Lars and the Real Girl Parent Guide
Parent Movie Review
It’s one thing to be a little reclusive. It’s quite another to be like Lars (Ryan Gosling). He leaves his cubicle at work each day to return to a small room attached to a ramshackle garage just a few feet from the house where his brother Gus (Paul Schneider) and sister-in-law Karin (Emily Mortimer) reside. He declines Karin’s pleas to join them for a meal in the same manner someone would turn down a serving of plague. Only after she physically accosts him in the driveway after work one day does Lars relent and reluctantly share dinner with them.
Viewing his wife’s ongoing determination, Gus advises her to give up, suggesting some guys simply like being left alone.
Needless to say it comes as a huge surprise when Lars shows up on their doorstep late one night to ask a favor. A girl he met on the Internet has come to stay with him, but his religion precludes the two of them sleeping together. Anxiously accepting his request to have her stay with them, the couple’s initial astonishment quickly fades to confused concern when Bianca enters their home. Not exactly a human being, she is a life-size doll Lars has ordered on-line, and is completely convinced is a real person.
Recognizing now that Lars has more than a simple loner tendency, Karin and Gus convince their garage dweller to take his “friend,” who Lars has explained has traveled from Brazil, to Dr. Dagmar (Patricia Clarkson) for an exam. Conveniently drawing on her former experience as a psychologist, Dr. Dagmar advises Karin and Gus to just let Lars play out his delusion, and she recommends Lars bring Bianca back for weekly checkups, due to her “complex” problem. Soon, thanks to a church leader asking “What would Jesus do?”, it seems the entire community is accepting Bianca and coming up with creative ways for her to feel accepted—including helping a clothing store model their latest fashions, and reading stories (with a little help from a tape recorder) to children at the library.If you have seen previews for Lars and the Real Girl, you may be approaching this film about a man in love with what is really an adult sex toy, with caution. Thankfully, this movie isn’t trying to fit into the sex comedy genre. While Lars’s co-workers quietly discuss the fact that Bianca was built for a very different purpose (which constitutes the film’s few moments of sexual innuendo), his delusion is completely innocent. His perceived relationship with Bianca is to care for her. As other members of the community, including his fellow churchgoers, recognize the role they play in helping Lars work through his problems (that are revealed in during his visits with Dr. Dagmar), this film develops into a truly touching drama. The fresh script is interspersed with moments of true humor and sustained by award worthy performances (Gosling is especially incredible).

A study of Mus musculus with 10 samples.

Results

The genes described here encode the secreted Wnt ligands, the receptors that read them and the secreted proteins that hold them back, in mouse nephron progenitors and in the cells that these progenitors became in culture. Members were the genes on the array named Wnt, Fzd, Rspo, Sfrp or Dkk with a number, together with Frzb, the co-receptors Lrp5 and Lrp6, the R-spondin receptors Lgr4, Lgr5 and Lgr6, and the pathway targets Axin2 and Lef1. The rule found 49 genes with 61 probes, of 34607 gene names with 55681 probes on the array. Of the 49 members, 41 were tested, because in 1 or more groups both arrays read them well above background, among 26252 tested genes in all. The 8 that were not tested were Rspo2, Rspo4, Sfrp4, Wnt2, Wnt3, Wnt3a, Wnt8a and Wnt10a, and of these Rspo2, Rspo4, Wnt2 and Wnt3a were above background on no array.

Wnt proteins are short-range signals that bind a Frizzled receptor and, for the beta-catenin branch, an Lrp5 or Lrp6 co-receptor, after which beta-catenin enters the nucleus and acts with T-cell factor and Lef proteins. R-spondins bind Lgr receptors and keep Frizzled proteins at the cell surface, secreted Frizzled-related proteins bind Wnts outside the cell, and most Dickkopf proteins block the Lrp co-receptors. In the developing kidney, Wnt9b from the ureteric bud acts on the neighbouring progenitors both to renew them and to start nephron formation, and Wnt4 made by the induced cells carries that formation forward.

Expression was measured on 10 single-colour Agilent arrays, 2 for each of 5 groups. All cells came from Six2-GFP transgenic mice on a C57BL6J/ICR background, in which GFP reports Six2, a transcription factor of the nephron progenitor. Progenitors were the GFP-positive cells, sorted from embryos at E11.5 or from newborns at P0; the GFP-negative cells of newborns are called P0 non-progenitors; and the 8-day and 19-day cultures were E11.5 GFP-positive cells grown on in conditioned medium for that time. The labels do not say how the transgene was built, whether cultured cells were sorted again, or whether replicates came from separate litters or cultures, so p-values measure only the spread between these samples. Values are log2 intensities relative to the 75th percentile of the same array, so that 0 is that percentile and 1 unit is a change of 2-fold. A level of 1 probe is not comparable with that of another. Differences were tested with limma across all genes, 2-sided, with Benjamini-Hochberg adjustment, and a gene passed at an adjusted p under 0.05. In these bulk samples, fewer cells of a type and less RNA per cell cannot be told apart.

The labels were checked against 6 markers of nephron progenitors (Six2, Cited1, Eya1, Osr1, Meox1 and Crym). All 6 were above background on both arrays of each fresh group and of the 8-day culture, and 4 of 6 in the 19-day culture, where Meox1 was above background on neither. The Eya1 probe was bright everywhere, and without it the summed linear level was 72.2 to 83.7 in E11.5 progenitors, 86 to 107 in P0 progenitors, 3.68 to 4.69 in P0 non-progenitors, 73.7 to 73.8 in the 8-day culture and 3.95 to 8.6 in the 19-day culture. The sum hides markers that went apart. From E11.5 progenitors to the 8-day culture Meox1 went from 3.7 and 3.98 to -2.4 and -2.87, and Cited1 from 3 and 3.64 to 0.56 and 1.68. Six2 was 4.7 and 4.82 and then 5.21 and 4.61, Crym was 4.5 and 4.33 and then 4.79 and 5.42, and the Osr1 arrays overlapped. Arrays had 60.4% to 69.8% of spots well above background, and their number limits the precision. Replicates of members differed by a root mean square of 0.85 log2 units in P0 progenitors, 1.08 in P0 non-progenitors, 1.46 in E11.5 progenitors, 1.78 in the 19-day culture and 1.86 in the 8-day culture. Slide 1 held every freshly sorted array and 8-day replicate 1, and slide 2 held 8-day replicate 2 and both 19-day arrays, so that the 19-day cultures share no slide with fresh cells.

Yet, it would be wrong to assume this film is suitable (or even interesting) for younger audiences due to the multifaceted character situations portrayed. However, it will reward adult and mature teen audiences with valuable insight into mental illness and the roles we can play in helping those who struggle to find meaning in the supposedly real world.Starring Ryan Gosling, Patricia Clarkson, Emily Mortimer, Paul Schneider.. Running time: 106 minutes. Theatrical release November 8, 2007. Updated March 15, 2011
Lars and the Real Girl
Rating & Content Info
Why is Lars and the Real Girl rated PG-13? Lars and the Real Girl is rated PG-13 by the MPAA
Somewhat misrepresented in the promotional previews, this film is a touching comedy/drama about a man who is convinced he is in love with a doll he has ordered from the Internet. In reality, his dummy is a sex toy, and the other characters in this film are well aware of this fact. Their brief and infrequent discussions about his delusion include sexual innuendo and their curiosity about whether or not the doll is “anatomically correct” (Lars’s sister-in-law is shown peeking under the doll’s skirt in one scene). Other sexual content includes a co-worker who is looking at pornography on the Internet (we don’t see any) and in another scene, a man looks at the website where the doll was ordered and we see dolls dressed in underwear. We see the doll’s posterior while it is being washed in a bathtub. Other content issues are a few infrequent mild profanities and terms of Christian deity used as expletives. A woman knocks a man down while attempting to convince him to come to dinner. Social drinking is seen at a party. Topics regarding delusion, mental health, depression and childhood trauma may make this drama more suitable for adults.
Page last updated March 15, 2011
More parents' guide for Lars and the Real Girl after the break...
Lars and the Real Girl Parents' Guide
With the help of a professional, Lars’s brother and sister-in-law—along with members of the community—look for creative ways to indirectly help Lars. How are these methods more productive than directly addressing the obvious problem?
The timeline in this film appears to span a few months. Is this a realistic amount of time for Lars to resolve his illness? How might media work to convince us that complex problems can be solved quickly?
The most recent home video release of Lars and the Real Girl movie is April 14, 2008. Here are some details…
Lars and the Real Girl releases to Blu-ray on April 5, 2011
DVD Release Date: 15 April 2008
If you order Lars and the Real Girl on DVD, you’ll also receive two featurettes (Just Like All The Other Actors and The Real Story of Lars and the Real Girl). And that’s not all! You’ll also get a deleted scene (Bathtub).